How Big are Your Ears!
“You shall open-up your hand to him…and provide whatever is lacking to him.” (Devarim 15:8)
There is a short story about a poor wagon driver who was broken-hearted after his young son had tragically died of pneumonia. Because of his extreme poverty, he had no choice but to go back to work immediately after the funeral. He was hired to drive a group of wealthy businessmen to another city. In the middle of the trip, the wagon driver started mumbling about his son. “He was such a good boy… it was only a cough….” The passengers were annoyed by the sounds of the wagon driver’s moans and groans. They shouted at him to stop bothering them. The wagon driver became silent. A few hours later, he started moaning and groaning again. As before, the passengers screamed at him to stop bothering them. This happened a few times, until they reached an inn. The passengers went inside to get something to eat and drink. The wagon driver remained outside to feed his horse. As he was feeding his horse, he repeated the story about his son’s death. The horse nodded its head from time to time. It seemed to the wagon driver that the horse was listening to him. He finally had found a sympathetic ear to listen to his sad story. (Rav Pam on Chumash by Rabbi Sholom Smith)
A number-of-years ago, a man walking the streets of New York City was stopped by a man holding a gun. At gunpoint, the stranger told the sad story of what he was going through. With great emotion, he poured-out his many problems. After an hour, he was finished speaking and put away his gun. He apologized to his victim for frightening him. He explained that he had been trying for weeks to find a sympathetic ear to listen to his problems. He was unable to find anyone, so he had to try desperate means. (Love Your Neighbor by Rabbi Zelig Pliskin, as heard from Rabbi Chayim Zaitchik)
When the Torah discusses the topics of giving tzedakah and doing chesed it says, “You shall open up your hand…and provide whatever is lacking to him.” (Devarim 15:8) The words, “to him” seem to be extra. In actuality, those words teach us the importance of dealing with every needy person as a unique individual. There is no concept of “one size fits all” when it comes to giving tzedakah or doing acts of chesed. The Ba’al Haturim, quoting the Sifri, says that if the poor man is used to eating bread, give him bread. If he is used to eating delicacies, give him delicacies. Rashi says that you should even give him a horse to ride on and a servant to run in front of him, if that is what he was used to.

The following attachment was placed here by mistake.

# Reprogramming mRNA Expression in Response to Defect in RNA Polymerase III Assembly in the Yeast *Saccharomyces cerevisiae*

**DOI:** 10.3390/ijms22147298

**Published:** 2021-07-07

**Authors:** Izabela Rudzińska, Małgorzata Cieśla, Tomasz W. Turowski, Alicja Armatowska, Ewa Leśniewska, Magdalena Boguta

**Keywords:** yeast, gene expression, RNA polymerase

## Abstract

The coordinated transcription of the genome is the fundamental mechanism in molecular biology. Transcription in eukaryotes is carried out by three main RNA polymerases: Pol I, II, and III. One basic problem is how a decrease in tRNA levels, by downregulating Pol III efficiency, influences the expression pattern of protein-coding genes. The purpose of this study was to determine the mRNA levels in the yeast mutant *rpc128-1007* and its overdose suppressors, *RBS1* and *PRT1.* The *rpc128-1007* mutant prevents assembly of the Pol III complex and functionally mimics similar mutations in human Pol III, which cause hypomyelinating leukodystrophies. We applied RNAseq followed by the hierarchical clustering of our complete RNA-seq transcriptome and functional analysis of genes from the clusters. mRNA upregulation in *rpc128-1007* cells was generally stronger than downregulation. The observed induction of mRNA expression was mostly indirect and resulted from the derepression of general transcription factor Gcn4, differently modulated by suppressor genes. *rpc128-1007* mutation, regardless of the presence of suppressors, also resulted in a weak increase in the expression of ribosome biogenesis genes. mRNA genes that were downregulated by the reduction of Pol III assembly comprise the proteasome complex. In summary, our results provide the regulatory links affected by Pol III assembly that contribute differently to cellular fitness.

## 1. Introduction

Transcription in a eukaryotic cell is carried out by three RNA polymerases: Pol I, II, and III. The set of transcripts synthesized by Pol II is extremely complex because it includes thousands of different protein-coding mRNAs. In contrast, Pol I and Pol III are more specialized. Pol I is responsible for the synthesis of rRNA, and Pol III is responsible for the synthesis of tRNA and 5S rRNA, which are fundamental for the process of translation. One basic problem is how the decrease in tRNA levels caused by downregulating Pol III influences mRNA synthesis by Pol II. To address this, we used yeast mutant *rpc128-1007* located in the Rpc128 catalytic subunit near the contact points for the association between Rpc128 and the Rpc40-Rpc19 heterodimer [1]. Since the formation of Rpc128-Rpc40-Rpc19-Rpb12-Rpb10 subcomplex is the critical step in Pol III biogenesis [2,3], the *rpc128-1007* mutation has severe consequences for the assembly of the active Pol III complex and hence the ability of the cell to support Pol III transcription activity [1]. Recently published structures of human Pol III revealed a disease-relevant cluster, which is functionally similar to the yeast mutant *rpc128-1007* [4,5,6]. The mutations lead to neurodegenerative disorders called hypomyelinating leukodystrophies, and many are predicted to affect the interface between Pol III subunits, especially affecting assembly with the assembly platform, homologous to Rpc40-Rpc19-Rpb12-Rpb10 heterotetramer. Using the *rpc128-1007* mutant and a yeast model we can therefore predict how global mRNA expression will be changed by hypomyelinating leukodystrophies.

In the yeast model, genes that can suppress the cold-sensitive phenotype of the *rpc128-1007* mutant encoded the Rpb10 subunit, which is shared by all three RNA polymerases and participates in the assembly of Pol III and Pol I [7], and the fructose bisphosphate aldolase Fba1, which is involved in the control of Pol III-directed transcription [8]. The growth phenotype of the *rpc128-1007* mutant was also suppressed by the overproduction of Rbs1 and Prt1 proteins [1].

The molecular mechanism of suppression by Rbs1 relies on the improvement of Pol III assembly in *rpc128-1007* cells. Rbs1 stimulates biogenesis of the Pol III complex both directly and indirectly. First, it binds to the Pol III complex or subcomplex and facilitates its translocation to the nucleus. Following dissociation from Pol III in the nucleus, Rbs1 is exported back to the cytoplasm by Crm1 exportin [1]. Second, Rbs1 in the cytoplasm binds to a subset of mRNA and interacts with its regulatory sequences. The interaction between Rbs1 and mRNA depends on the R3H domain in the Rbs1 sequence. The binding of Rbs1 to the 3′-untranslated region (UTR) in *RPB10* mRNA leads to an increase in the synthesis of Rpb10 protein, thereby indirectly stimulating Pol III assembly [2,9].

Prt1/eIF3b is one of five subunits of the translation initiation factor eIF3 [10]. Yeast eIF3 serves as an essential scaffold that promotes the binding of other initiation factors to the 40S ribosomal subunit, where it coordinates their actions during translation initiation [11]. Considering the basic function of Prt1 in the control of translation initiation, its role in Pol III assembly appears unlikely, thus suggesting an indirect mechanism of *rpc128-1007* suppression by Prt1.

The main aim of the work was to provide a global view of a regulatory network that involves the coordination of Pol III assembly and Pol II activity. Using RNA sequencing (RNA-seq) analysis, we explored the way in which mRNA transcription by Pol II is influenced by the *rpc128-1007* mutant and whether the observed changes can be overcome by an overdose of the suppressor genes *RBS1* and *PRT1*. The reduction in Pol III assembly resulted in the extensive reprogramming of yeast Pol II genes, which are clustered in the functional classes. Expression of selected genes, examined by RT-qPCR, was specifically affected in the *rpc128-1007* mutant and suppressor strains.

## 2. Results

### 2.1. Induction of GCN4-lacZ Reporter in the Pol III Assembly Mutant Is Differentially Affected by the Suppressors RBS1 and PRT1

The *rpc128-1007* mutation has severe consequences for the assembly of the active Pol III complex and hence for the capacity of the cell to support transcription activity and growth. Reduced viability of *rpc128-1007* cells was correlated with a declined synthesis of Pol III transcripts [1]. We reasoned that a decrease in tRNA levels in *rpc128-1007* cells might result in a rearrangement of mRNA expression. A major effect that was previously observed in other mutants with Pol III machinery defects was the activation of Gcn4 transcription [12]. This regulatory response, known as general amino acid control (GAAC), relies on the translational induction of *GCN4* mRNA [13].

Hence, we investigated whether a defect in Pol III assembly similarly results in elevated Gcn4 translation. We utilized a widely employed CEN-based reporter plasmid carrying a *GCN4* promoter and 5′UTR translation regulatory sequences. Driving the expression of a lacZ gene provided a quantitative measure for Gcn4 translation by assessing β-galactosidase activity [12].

Even if you are unable to give the poor man the money that he needs, you can still fulfill the mitzvah of doing chesed to him. Rav Pam zt”l says that doing an act of chesed does not necessarily require much money, time, or effort. It can be as simple a chesed as listening to someone unburden his problems. Every human being needs someone to listen to him. When you do so, that shows that you care.
A tzedakah collector once remarked that the best donation that he received each year came from a man who lived on the Lower East Side of Manhattan. After a few questions, the listener realized that the collector was speaking about the Gadol Hador, Rav Moshe Feinstein zt”l. Although Rav Moshe’s donation was not a substantial one, he made the tzedakah collector feel valued. He took the tzedakah collector’s hands in his own, gave him brachos and listened to him unburden himself of his problems. The Talmud (Bava Basra 9B) says whoever consoles a poor person with words of comfort and encouragement receives eleven blessings, almost double the blessings received for giving him money.
The Chofetz Chaim zt”l (in Chovas HaShmirah, as quoted by Rabbi Pliskin) says that we have a moral obligation to boost the spirits of someone who is dejected, by speaking with him at length. A student once saw Rabbi Yisroel Salanter zt”l standing on a street corner, talking and joking with a stranger. The student was surprised since Rabbi Salanter zt”l usually had a very serious demeaner. He questioned his rebbe’s actions. Rabbi Salanter zt”l explained that the stranger had problems that were weighing very heavily on him, and he wanted to alleviate his depression (Ohr Yisroel, as quoted by Rabbi Pliskin).
We all have challenges in life. We all need someone to listen to us, at times.
We all need a sympathetic ear to hear us as we unburden ourselves.
Even if we have no solutions to others’ problems,
simply listening to them can help make a difference in their lives.